NASA gets first images from James Webb telescope 

The pics include a selfie.

NASA has just shared the first images captured by the James Webb Space Telescope (Webb) — and it looks like the epic spacecraft is working exactly as hoped.

The challenge: NASA started developing Webb in 1996, with plans to launch it in 2007 — but due to budget overruns, technical issues, and more, the telescope didn’t end up launching until December 25, 2021.

With that hurdle finally surmounted, NASA is now focusing on getting the telescope to take pictures in space.

To make that happen, Webb’s 18 hexagonal mirror segments need to be perfectly aligned — that means NASA needs to adjust the angle of each segment until the group is operating as a single, smooth 21-foot-wide mirror.

Align ‘em up: To start the alignment, NASA had Webb take 1,560 images of the space around one target star (HD 84406), repositioning the telescope more than 150 times during the day-long process. It then pieced the images together into a mosaic of the sky.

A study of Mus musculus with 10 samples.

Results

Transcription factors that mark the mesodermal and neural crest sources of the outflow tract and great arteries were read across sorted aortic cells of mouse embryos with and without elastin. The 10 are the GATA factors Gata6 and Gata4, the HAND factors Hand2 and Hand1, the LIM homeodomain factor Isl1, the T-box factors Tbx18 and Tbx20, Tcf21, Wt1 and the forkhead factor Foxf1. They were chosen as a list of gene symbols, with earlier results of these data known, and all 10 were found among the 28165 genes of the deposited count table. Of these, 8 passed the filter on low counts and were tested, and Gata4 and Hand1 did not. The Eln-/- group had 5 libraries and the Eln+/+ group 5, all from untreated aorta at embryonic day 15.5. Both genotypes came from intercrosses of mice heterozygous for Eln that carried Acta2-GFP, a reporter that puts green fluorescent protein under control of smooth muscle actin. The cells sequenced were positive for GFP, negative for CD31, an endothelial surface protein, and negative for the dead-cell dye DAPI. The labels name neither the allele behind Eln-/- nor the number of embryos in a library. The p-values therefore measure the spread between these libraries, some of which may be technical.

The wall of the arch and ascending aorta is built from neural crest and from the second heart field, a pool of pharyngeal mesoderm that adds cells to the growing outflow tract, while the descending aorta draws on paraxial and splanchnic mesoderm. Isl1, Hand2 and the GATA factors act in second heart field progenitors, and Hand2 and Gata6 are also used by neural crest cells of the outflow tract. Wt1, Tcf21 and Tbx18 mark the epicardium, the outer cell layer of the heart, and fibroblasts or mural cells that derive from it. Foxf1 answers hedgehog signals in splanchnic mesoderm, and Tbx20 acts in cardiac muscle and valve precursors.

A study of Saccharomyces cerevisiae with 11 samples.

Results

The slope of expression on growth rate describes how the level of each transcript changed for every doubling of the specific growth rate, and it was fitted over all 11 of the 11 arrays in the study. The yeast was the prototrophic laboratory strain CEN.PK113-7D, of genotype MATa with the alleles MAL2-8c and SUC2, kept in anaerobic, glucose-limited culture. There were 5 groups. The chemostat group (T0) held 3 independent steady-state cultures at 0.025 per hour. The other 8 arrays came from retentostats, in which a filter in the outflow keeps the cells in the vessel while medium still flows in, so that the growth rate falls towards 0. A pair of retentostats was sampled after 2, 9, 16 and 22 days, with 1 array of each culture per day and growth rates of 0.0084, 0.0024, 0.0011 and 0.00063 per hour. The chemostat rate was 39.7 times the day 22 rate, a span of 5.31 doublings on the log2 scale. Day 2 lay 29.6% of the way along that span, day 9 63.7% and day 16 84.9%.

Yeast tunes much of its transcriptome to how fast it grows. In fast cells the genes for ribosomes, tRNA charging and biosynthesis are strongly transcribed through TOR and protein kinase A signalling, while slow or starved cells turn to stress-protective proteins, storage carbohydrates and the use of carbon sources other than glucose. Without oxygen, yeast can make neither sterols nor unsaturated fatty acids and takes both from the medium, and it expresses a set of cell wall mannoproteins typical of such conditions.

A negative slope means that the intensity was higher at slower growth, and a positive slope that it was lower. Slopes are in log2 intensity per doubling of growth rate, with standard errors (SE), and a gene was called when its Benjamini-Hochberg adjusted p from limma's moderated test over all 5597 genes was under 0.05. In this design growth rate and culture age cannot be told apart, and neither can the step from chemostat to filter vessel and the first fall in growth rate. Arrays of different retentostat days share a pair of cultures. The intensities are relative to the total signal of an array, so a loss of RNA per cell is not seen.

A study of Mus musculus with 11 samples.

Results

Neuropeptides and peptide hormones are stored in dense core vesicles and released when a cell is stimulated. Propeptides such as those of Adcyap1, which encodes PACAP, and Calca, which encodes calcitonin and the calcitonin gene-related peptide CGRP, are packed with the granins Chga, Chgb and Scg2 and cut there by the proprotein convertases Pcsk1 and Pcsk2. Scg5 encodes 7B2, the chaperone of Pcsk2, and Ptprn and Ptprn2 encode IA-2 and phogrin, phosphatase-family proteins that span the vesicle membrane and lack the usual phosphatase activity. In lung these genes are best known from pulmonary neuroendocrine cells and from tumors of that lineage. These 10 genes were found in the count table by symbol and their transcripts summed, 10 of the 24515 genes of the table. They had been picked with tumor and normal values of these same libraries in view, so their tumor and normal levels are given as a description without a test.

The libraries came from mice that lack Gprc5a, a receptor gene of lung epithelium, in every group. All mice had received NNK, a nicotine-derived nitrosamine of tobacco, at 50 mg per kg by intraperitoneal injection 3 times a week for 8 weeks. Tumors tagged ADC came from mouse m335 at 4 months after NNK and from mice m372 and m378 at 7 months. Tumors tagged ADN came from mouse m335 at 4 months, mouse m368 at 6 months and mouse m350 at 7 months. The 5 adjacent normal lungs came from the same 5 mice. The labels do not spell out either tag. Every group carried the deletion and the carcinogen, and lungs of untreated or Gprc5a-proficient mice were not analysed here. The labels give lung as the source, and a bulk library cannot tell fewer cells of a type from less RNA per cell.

“We know that the primary mirror segments aren’t aligned, so they actually act like 18 separate telescopes,” Lee Feinberg, Webb optical telescope element manager, said. “We expect to see 18 separate images [of the star], one for each mirror, that are a little bit blurry at this point because we haven’t aligned or focused anything.”

webb first images
Each of the 18 dots in this mosaic is the same star captured by a different mirror segment. Credit: NASA

Not only did NASA see those 18 blurry spots in the image, it was also happy to find that they were relatively close together — a sign that they’re starting from a good position with the alignment.

NASA was also happy to find that a special “selfie” lens on the telescope appears to be working as hoped — this lens captures photos of Webb’s mirror segments to help NASA with the alignment process and other engineering work.

webb first images
A “selfie” of Webb’s mirror segments. Credit: NASA

Looking ahead: NASA has already matched each spot in the mosaic to the exact mirror segment that captured it. It can now begin the 3-month-long alignment process, and once that’s done, all 18 mirrors will work as one, focusing on light coming from the same spot in the sky.

This will allow Webb to take images of objects so far away, they show us what the universe was like when the first galaxies were forming.